Why This Airline Is Weighing Passengers Before They Board The Plane

The stress of having to weigh your baggage is about to get even more personal for some passengers on Finnish flights. The European airline Finnair is going to weigh passengers before boarding as part of an upcoming study. Thankfully, the study is not focused so much on surveying passengers’ waistlines as it is on ensuring its estimates for total plane weight and fuel needed are safe and accurate.

Currently, Finnair balances its planes using estimates from a European Aviation Safety Agency survey conducted eight years ago. However, the average weight of a person in Finland has fluctuated since those estimates were made. As Distractify states, the eight-year-old estimates put the average Finnish man at 185 pounds and the average woman weighing 144 pounds. However, current estimates show the average Finnish male weighs two pounds more and the average Finnish female weighs eleven pounds more now than they did eight years ago.

Finnair has started by weighing 180 passengers on flights over a two-day period. Passengers will be weighed on a voluntary basis, which is admittedly more reassuring and probably more ethical. The airline hopes to weigh at least 2,000 passengers between now and 2018 to get accurate, update estimates of standard weight.

They’re also weighing passengers’ carry-on items for a more accurate estimate of total weight per passenger. The thought of having to weigh my carry-on luggage is personally as stressful as having to put my human self on a scale. I use my carry-on as a catchall for every heavy, unnecessary item that weighed too much for my checked bag. And now I have to be shamed by the number of pounds of shoes and hairstyling devices I travel with? Et tu, overstuffed Jansport backpack?

Fortunately, passengers won’t be penalized for based on their weights. In fact, Finnair is hoping the study’s more accurate passenger measurements could help cut operating costs through more exact fuel estimates.

Finnair communications director Päivyt Tallqvist, in an email to the Sun, assured that anonymity is a top priority in the study. “We want to ensure we have the best possible data in use in aircraft performance and loading calculations,” Tallqvist said. “The weighing is purely voluntary and anonymous, and only the customer service agent sees the weighing result.”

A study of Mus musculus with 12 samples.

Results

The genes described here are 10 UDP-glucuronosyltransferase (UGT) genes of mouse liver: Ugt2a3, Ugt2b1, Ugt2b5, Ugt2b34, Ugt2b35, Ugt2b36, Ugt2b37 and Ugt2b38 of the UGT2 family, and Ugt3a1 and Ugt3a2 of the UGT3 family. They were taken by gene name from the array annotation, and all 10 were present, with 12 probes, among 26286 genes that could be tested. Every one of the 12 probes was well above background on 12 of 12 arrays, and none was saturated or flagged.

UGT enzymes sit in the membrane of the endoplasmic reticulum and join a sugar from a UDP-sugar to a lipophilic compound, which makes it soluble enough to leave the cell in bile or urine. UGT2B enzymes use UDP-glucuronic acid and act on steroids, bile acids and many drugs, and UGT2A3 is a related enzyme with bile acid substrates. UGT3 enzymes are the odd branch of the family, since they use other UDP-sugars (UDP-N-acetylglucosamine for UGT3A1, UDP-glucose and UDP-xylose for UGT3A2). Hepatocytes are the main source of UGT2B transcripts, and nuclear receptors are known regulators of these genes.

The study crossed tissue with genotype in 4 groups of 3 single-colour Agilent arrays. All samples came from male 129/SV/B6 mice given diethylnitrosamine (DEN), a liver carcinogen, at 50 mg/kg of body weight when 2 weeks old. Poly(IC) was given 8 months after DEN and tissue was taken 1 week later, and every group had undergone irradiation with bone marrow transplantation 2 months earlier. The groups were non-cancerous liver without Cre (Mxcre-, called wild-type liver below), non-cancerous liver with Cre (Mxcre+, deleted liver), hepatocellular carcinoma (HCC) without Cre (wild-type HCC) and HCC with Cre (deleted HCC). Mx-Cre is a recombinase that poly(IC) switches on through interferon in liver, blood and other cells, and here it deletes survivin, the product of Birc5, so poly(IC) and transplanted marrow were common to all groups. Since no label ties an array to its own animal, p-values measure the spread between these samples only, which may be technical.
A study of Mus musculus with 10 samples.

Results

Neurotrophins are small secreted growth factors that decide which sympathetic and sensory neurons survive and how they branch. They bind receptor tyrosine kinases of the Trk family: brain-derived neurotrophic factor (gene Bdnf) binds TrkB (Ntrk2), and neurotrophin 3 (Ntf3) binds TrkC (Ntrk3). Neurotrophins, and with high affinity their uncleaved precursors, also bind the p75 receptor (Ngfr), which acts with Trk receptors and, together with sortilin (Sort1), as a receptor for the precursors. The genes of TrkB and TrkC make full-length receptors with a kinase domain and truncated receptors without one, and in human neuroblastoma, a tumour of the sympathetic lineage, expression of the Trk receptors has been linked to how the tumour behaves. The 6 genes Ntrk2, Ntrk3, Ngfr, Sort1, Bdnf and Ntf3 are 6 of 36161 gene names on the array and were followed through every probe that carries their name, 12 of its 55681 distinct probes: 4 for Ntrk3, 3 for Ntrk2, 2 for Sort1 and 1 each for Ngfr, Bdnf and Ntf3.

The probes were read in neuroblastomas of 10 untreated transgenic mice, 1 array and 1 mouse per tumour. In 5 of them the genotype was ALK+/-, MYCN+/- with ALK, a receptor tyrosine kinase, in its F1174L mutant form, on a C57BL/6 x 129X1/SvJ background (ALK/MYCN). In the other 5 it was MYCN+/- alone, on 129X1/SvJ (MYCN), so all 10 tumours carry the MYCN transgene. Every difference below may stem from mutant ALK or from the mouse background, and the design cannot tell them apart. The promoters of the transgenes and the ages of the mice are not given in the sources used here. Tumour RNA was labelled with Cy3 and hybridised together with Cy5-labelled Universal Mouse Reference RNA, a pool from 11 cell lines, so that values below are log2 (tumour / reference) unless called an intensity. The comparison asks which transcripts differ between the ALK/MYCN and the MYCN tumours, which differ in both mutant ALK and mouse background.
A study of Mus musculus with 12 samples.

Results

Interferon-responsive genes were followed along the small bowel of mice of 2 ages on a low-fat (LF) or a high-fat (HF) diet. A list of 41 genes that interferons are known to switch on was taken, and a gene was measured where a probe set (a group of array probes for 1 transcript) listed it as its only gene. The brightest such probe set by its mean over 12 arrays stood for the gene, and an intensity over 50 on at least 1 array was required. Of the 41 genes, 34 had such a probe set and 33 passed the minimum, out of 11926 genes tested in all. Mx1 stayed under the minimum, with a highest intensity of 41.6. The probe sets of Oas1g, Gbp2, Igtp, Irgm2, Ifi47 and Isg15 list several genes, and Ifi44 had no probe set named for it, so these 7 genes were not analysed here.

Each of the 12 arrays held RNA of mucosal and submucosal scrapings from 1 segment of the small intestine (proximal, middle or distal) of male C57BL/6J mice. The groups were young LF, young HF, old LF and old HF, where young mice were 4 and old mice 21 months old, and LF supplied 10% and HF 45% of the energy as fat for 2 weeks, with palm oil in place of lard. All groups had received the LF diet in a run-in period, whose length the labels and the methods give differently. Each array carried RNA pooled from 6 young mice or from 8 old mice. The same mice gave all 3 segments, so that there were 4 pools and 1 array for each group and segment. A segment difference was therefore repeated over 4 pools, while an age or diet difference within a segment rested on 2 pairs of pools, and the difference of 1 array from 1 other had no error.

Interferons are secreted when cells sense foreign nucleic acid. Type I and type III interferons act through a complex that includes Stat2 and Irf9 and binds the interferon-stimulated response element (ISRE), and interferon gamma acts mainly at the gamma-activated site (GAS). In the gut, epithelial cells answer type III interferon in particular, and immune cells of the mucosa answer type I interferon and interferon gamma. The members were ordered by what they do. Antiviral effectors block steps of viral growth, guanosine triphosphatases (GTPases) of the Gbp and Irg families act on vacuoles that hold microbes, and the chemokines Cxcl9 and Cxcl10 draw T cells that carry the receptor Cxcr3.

Only you, the customer service agents, and your overflowing carry-on whether or not you pack lightly.

The timing of the study is intentional. According to Distractify, Finnair’s manager of customer processes Sami Suokas said that passengers’ weights tend to fluctuate between summer and winter. Which, like, OK that’s fine I get it but also rude. Don’t come for my winter bod as I prepare for my holiday hibernation.

Finnair isn’t the first airline to weigh its passengers. For six months in 2016, Hawaiian Airlines weighed passengers on flights between Honolulu and American Samoa. The airline discovered it was burning more fuel on this particular route, at The Economist reports. After ruling out factors like strong winds, Hawaiian Airlines conducted a voluntary weight survey among its passengers on this route. They found that passengers and carry-on items on this flight were about 30 pounds heavier than they’d expected.

As a result, Hawaiian Airlines instituted a policy for flights between Honolulu and American Samoa. Passengers wouldn’t be able to pre-select seats. Instead, they’d weigh passengers before boarding and place them in a seat to best distribute weight evenly on the plane as a means to save fuel and ensure safety.

Because Samoans have one of the highest obesity rates in the world (and because weight is sensitive issue as a whole), some passengers found this practice discriminatory and filed complaints against the airline. However, the U.S. Department of Transportation ruled in favor of Hawaiian Airlines, allowing them to continue the practice. It does not appear that the policy included any sort of passenger weight limit or additional monetary fee based on weight.

Finnair hopes to complete their study by 2018. Then, passengers will be able to continue overstuffing their messenger bags in peace.